In his book Musicophilia, Oliver Sacks discusses a phenomenon sometimes called dystimbria. Sufferers of dystimbria are unable to hear musical notes and melodies in the way most people can. Unwitting victims of these symptoms find listening to any type of music analogous to, in Sacks’s words, “pots and pans being thrown around the kitchen.”
The members of Black Dice seem to be in an accelerated state of dystimbria. They’ve spent the best part of 10 years unleashing a furious battle between ugly and beautiful sounds that have been wrung from a pile of barely functioning equipment. I like to imagine Aaron Warren and brothers Eric and Bjorn Copeland hearing gentle symphonies as they play, blissfully unaware that they’re ripping and tearing at the human ear until it’s pummeled into dysfunction.
Repo, the band’s second album for Paw Tracks since leaving DFA, is a familiar collection of discordant samples, muffled vocals and barely discernible guitar lines. Their approach continues to lack the kind of standard sequencing commonly found in electronic music, causing Black Dice songs to purposely lack finesse. The band members never seem to be in control of the sounds that lay at their fingertips. In fact, it often feels like the sounds are controlling them. It’s easy to imagine the band being chased around the studio by a distended heap of FX pedals, wires and angry metal boxes.
Opener “Nite Cream” sets the standard, and is an approximate continuation of ideas captured on 2007’s Load Blown. Bulbous Beefheartian rhythms stammer into life and a batch of misshapen samples steadily fall and rise in the mix. They have a fascination with faltering, ploddy rhythms (see also: “Idiot’s Pasture” and “Lazy TV”) that are littered with repugnant belches, wheezes and fragments of found sounds. Repo is caked in a thick layer of crud, triggering an auditory experience not dissimilar to waking in a paralyzed hallucinogenic state from a deep bout of sleep paralysis.
Even when they play it light, on poppier tracks such as “Glazin” or “Earnings Plus Interest,” there’s a frivolity at work, a need to constantly tamper to provoke amusement or repulsion. “La Cucaracha” is driven by samples taken from an orgy, recalling the White Noise’s “My Game of Loving,” while the brief “Buddy” is full of anguished screams and warped dialogue. The tawdry and decaying textures at work in Repo would make a perfectly squalid soundtrack to Z-grade horror flicks such as Buddy Giovinazzo’s Combat Shock or Frank Henenlotter’s Basket Case.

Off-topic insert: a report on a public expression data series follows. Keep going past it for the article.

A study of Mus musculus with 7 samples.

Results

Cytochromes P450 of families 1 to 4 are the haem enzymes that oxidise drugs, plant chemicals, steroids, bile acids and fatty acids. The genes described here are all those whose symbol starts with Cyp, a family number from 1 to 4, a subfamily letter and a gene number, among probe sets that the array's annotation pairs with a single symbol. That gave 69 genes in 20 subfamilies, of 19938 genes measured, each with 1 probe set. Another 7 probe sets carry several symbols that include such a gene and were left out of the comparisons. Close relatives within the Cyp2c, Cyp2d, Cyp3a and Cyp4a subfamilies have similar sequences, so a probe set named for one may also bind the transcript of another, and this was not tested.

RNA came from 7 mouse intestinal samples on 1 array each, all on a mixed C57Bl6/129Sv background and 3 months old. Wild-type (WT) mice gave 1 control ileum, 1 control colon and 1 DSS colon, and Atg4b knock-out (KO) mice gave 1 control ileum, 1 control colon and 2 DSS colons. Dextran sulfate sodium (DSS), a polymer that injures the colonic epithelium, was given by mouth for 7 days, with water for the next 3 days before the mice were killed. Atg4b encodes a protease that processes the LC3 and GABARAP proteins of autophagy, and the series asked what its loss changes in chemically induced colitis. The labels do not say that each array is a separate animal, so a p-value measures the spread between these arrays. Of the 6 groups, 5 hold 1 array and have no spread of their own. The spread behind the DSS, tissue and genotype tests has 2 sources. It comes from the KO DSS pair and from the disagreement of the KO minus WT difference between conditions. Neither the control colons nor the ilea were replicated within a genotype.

In his passages on dystimbria, Sacks discusses the case of a man for whom music simply resembled the sound of “a screeching car.” The concept of someone with no tangible experience of music is doubtless baffling to most people, but it’s a state of being that the members of Black Dice often seem to appropriate. They never sound like they’ve mastered an instrument, or thought about the conventions of chords, notes, sequencing and structure. Repo isn’t a great progression from previous Black Dice records. But their willfully amateurish approach, and a continued fascination with the coarse and the crude, make this another welcome addition to their woozy, dog-eared oeuvre.
The frazzled and fractured electronic rhythms of Brooklyn noisemakers Black Dice are bent into shape once again on this fifth studio album from the band. The album, titled Repo, is comprised of home recordings and sessions from New York’s Rare Book Room studios. It’s another fine example of Black Dice’s singular aesthetic, which has been carefully honed through years of equipment abuse in low rent venues, art galleries and other improvised performance spaces. The record comes with a 20-page book of artwork from Black Dice, which is executed in a similar manner to their 2006 excursion into publishing with photographer Frank Rothernberg, titled GORE.